Can you imagine looking out beyond Folly’s shores and not seeing the Morris Island Lighthouse? The historic beacon has stood like a treasured sentinel at the entrance to Charleston Harbor since originally being erected in 1767, and most of us only envision a future that includes the iconic maritime structure.
But the unfortunate reality is that, unless we take measures to protect the integrity of the structure and preserve the lighthouse for generations to come. Such is the mission of the grassroots organization known as Save the Light which, since purchasing the lighthouse for $75,00 in 1999, has been hard at work to ensure its survival.
“No one that is alive today has ever known a time when the Morris Island Lighthouse — the ‘Old Charleston Main Light’ — wasn’t there at the entrance to Charleston Harbor!,” Save the Light board member Denis Blyth told FollyBeach.com. “It is as much a part of the fabric of our community as any other building in our city. It is the most beloved symbol of South Carolina’s maritime roots. And it is in serious trouble.”
Without help, Blyth asserted, the Morris Island Lighthouse will certainly crumble and be lost. Happily, the good souls of Save the Light can rest a little easier — the organization received a much needed boost in the form of a $10,000 donation from Georgia-based SeaPak Shrimp and Seafood Co.
The generous donation came as part of SeaPak’s new alliance with the U.S. Lighthouse society. SeaPak was searching in earnest for a way to help the country’s coastline and was instantly drawn to the opportunity of helping preserve Morris Island Lighthouse, given the company’s recent release of a new Lighthouse Selections line of frozen seafood products.
“As a company with a strong coastal heritage, SeaPak has a special fondness for lighthouses and coastal history,” explained SeaPak’s Director of Marketing, Megan Grinstead, via press release, “and through our quality seafood products, we’ve long been committed to making life ‘more coastal’ for our consumers. When we started searching for ways to support the country’s coastline, it became clear that a partnership with the U.S. Lighthouse Society would be one of the most meaningful ways we could help preserve America’s coastal history.”
And what a history it is here in Charleston!
When colonists first arrived in 1671, they settled in the area that is presently James Island and the Battery. Within a few years of settling, the colonists decided to burn a light every night on a nearby small island (which would eventually become known as Morris Island) as a rudimentary sort of navigational landmark. They used balls of oakum and pitch suspended in iron baskets.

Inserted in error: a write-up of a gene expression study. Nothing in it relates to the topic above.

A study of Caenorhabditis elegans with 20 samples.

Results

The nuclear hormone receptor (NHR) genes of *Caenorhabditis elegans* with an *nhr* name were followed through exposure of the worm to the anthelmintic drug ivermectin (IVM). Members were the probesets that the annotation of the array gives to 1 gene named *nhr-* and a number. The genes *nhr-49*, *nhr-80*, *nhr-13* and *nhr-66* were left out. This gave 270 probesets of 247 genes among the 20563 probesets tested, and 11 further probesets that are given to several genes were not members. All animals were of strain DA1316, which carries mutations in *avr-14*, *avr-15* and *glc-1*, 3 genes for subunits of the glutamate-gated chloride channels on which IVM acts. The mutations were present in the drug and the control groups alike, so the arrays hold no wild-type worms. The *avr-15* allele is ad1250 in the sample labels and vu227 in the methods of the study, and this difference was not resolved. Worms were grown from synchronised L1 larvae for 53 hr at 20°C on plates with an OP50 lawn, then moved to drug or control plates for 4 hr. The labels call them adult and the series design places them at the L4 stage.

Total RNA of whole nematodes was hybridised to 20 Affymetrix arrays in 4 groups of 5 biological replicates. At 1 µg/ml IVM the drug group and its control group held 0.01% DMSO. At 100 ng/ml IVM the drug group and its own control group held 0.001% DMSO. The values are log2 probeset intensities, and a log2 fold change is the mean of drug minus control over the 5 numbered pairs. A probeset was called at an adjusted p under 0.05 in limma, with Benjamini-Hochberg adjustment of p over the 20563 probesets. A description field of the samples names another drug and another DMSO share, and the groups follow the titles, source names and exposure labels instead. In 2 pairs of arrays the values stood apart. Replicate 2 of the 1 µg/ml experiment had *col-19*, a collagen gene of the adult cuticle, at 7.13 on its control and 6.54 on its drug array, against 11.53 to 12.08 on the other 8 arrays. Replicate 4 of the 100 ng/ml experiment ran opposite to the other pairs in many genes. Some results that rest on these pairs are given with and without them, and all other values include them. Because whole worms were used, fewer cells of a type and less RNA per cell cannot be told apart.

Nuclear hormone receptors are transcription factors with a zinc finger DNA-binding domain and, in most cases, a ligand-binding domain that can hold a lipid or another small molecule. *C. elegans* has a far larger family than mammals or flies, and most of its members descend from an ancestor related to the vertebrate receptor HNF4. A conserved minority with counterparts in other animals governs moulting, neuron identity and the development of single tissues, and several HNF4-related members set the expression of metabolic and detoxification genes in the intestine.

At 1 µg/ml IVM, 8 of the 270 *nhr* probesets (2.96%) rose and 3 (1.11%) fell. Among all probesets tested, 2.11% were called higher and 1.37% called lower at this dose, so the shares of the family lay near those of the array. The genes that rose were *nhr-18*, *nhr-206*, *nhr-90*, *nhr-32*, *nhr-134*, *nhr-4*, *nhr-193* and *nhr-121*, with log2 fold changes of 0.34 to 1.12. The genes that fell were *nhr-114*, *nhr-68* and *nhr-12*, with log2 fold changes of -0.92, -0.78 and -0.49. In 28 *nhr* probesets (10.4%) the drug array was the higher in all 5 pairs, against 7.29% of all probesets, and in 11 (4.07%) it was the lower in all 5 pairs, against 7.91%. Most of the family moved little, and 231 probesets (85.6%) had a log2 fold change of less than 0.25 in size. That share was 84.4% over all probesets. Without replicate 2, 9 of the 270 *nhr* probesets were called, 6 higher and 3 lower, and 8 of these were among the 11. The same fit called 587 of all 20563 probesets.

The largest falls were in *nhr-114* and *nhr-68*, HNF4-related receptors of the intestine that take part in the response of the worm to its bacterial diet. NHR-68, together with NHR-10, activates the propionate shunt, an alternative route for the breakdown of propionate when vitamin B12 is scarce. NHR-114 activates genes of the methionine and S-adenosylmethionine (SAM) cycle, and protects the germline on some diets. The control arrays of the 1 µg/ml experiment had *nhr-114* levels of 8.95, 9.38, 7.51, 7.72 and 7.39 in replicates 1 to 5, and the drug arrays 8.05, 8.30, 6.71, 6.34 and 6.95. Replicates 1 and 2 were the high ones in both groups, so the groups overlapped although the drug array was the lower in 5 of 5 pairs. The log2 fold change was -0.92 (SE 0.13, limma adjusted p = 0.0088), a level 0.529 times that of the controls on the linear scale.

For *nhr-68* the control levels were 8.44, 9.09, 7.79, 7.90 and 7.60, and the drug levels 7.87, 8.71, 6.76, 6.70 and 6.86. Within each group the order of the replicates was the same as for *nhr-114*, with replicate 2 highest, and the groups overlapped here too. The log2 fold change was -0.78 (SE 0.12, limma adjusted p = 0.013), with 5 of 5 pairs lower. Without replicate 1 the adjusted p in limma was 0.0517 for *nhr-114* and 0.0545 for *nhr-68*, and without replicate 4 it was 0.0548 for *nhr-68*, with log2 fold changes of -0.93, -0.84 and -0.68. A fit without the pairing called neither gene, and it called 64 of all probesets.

In 1767, though King George III requested a lighthouse be built to replace this system. The first lighthouse to be built among the colonies, the original structure stood only 42 feet tall and burned fish oil in lamps suspended from its interior dome.
The light of Morris Island Lighthouse was extinguished during the Revolutionary War so as not to give away Charleston’s position but, in 1838, a second, taller tower replaced the first. Sadly, this lighthouse was not nearly as lucky during the Civil War — it withstood severe erosion, earthquakes, and more before ultimately becoming another casualty of war.
Another tower, this time 150 feet, was built in 1876. Today, that very tower remains at water’s edge on Morris Island, an uninhabited 840 acre plot of land only a few hundred feet off the coast just north of Folly Beach. Although long ago decommissioned, Morris Island Lighthouse remains one of the Lowcountry’s most enduring symbols.
According to Blyth, the new grant from SeaPak will help fund an assessment of the current condition of the Morris Island Lighthouse and help “determine what steps are necessary to further preserve the coastal icon.”
Of course, as generous as SeaPak’s contribution is, it isn’t the only way willing hearts can help save the Lighthouse. Suggested Blyth, “Go to our website, SavetheLight.org, and become a member of Save the Light, Inc. Make a donation to our efforts. Check out our ‘Events’ page on the website and join us at our upcoming fundraising events — think barbecue, oysters, music and fun! On Facebook, join our group ‘Save the Morris Island Lighthouse.'”
You heard the man, people! Let’s get out there and show Morris Island Lighthouse how much we love Her.